Detractors will often argue that synthesisers took the human emotion out of pop music.

I think the complete opposite. You can play the same melodies as someone with a guitar or piano and make it sound just as heartfelt. But the synthesiser also lets you shape the very sound itself that conveys that emotion.

The first Tubeway Army album was intended to be guitar-based, but then you discovered a Minimoog synth in the studio.

The first thing that attracted me to the Minimoog was the power of it. The very first sound that came up was that really heavy, low-end growl that it’s so good at. And the whole room shook. You could plug a guitar into as many Marshall stacks as you like and it wasn’t going to do that.

Did you have to fight to get that album released in 1978?

Oh yeah. I took the recording back to Beggars Banquet and the two directors – Martin Mills and Nick Austin – weren’t happy. It wasn’t the punk-pop crossover they were expecting. But I was really passionate about it. I was convinced that sort of music was going to become massive. We had a row, which got more and more heated. In the end, Martin said: “Look, let’s go for it and see what happens.”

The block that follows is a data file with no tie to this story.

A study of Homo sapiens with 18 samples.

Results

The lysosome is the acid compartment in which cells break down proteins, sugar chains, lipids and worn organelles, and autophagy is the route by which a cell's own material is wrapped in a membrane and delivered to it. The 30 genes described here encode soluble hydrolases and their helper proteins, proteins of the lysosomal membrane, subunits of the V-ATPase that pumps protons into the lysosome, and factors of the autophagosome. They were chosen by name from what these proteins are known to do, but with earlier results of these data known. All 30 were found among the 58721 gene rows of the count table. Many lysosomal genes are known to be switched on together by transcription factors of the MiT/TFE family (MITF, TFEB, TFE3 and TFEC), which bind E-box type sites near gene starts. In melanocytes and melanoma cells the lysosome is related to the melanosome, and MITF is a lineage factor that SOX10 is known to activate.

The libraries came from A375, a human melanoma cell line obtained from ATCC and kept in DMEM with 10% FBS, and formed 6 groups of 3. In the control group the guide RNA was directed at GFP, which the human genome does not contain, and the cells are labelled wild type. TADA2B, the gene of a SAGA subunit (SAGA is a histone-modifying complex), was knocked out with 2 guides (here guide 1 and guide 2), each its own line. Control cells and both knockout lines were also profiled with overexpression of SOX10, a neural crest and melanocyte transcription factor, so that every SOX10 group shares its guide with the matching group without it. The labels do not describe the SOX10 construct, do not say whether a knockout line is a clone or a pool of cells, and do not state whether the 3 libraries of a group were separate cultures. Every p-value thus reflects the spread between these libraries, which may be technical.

Freelance writer for Classic Rock since 2008, and sister title Prog since its inception in 2009. Regular contributor to Uncut magazine for over 20 years. Other clients include Word magazine, Record Collector, The Guardian, Sunday Times, The Telegraph and When Saturday Comes. Alongside Marc Riley, co-presenter of long-running A-Z Of David Bowie podcast. Also appears twice a week on Riley’s BBC6 radio show, rifling through old copies of the NME and Melody Maker in the Parallel Universe slot. Designed Aston Villa’s kit during a previous life as a sportswear designer. Geezer Butler told him he loved the all-black away strip.